By Don Jarvis - Special to the Daily Herald | Jul 23, 2022

Courtesy photo

Don Jarvis

Electric aircraft are being rapidly developed in the U.S., Germany, France, Slovenia, Japan, China and elsewhere, creating excitement not seen since the Wright brothers flew at Kitty Hawk.

Start-up companies are racing to develop electric airplanes, backed by major firms. PBS’s “Nova” has made a fascinating documentary on this, “The Great Electric Airplane Race.”

Airbus is developing several different electric passenger planes for mid-range markets. United Airlines has agreed to purchase up to 200 planes for regional use from Swedish electric airplane manufacturer Heart Aerospace. Norway will only allow electric aircraft for in-country flights beginning in 2040.

Hawaiian Airlines has partnered with a Boston company named Regent to acquire electric planes that could carry 100 passengers each for inter-island travel.

KLM has ordered eight electric training planes from Bye Aerospace of Denver, which also has 732 purchase deposits for its eight-seater electric regional business plane.

Beta Technologies in Vermont has flown an electric plane with a range of 255 miles, inspiring United Parcel Service to order 10 of them for 2024.

Toyota is investing heavily in Joby Aviation of Santa Cruz, California, determined to be among the first to provide electric flying taxis that can take off and land vertically. Unsurprisingly, Uber has also partnered with Joby Aviation for the same purpose.

Races are being held to test the capabilities of this new technology. A 1,000 mile race from Omaha, Nebraska, to Kitty Hawk, North Carolina, will be held in May 2023 over four days.


Electric aircraft could solve many serious problems caused by fossil-fuel burning planes.

First is global pollution. Most contemporary aircraft run on a fossil fuel similar to kerosene, and airplanes cause roughly 2.4% of the worldwide greenhouse gasses blamed for climate change. That number will worsen because air travel is now increasing rapidly.

In addition to that global impact, aircraft cause serious local problems. Research has long shown that areas up to 10 miles from busy airports are heavily polluted with ultra-fine particles dangerous to the health of local residents. This adds to the pollution that many western cities suffer from summer fires and winter inversions.

Another problem that electric aircraft could reduce is noise. The Canadian government reports that “Jet aircraft are one of the most disturbing sources of noise in our environment.” The effects of this noise are particularly harmful to children living near airports.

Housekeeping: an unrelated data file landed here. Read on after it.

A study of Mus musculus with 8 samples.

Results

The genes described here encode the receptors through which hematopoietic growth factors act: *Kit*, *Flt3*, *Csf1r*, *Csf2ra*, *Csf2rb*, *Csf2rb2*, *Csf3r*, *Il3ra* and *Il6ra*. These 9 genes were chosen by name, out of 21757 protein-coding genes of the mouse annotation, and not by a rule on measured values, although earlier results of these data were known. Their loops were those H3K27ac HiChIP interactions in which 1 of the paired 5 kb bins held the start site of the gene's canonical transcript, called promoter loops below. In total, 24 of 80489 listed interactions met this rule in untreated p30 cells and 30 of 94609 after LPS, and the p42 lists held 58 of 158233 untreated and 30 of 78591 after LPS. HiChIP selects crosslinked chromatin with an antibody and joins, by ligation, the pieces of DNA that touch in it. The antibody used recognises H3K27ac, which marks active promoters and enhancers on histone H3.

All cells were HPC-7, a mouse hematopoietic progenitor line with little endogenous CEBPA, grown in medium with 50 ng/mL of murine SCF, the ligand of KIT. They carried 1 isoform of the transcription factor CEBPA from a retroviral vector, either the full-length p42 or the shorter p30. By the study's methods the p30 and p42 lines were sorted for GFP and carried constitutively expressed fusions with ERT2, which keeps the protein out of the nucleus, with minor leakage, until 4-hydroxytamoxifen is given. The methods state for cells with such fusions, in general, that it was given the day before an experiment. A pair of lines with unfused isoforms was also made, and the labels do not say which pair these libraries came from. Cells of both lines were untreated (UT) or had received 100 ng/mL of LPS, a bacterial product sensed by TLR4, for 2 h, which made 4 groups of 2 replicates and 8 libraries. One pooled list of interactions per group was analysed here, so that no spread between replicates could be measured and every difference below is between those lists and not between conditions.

Fuel costs are increasingly worrisome for companies using fossil-fuel aircraft. Internal combustion engines (ICEs) use only about 25% of the energy in their increasingly expensive fuel, wasting 75% of it. By contrast, electric aircraft engines use about 90% of the energy supplied to them.

Finally, electric engines, whether in aircraft or other vehicles, are far simpler to maintain. A U.S. government report recently confirmed that electric cars are cheaper to care for than ICE vehicles. The same is true for electric aircraft, whose maintenance costs may only be a fifth of what legacy airplanes require.


None of the above negates the significant challenges facing electric aircraft developers. Among these challenges for electric aircraft are far less range and total power than that provided for an ICE plane by a tankful of fossil fuel. Electric engines are incredibly efficient, but batteries to power them are heavy and do not store comparable amounts of energy.

Main areas for electric aircraft developers include lighter and more powerful batteries, electricity-generating fuel cells powered by hydrogen, hybrid systems using ICE engines to assist batteries or fuel cells, radically different aerodynamic designs to increase efficiency, and vertical take-off and landing (VTOL) aircraft that could replace helicopters.

Discussion of the above is beyond the scope of this report, but incredible progress is being made in all five areas. This has led to huge investments and big firms’ commitments to purchase electric aircraft in the next few years.


As mentioned above, regional flights will be some of the first applications of electric aircraft.

Salt Lake City International Airport has many regional flights shorter than 375 miles, including ones to Las Vegas, Denver and Boise.

Utah County has four regional airports. Provo’s new $55 billion airport is Utah’s second busiest, hosting two commercial airlines connecting with many western cities.

Electric aircraft could reduce pollution and noise for nearby residents and the abundant wildlife on Utah Lake.

Airports in many places are installing infrastructure for electric aircraft and ground-support vehicles.

Perhaps Utah airport managers should consider what they could do to accommodate electric aircraft, and electric companies could consider special rates to encourage their use.

Don Jarvis is a Provo environmental volunteer and a retired BYU professor.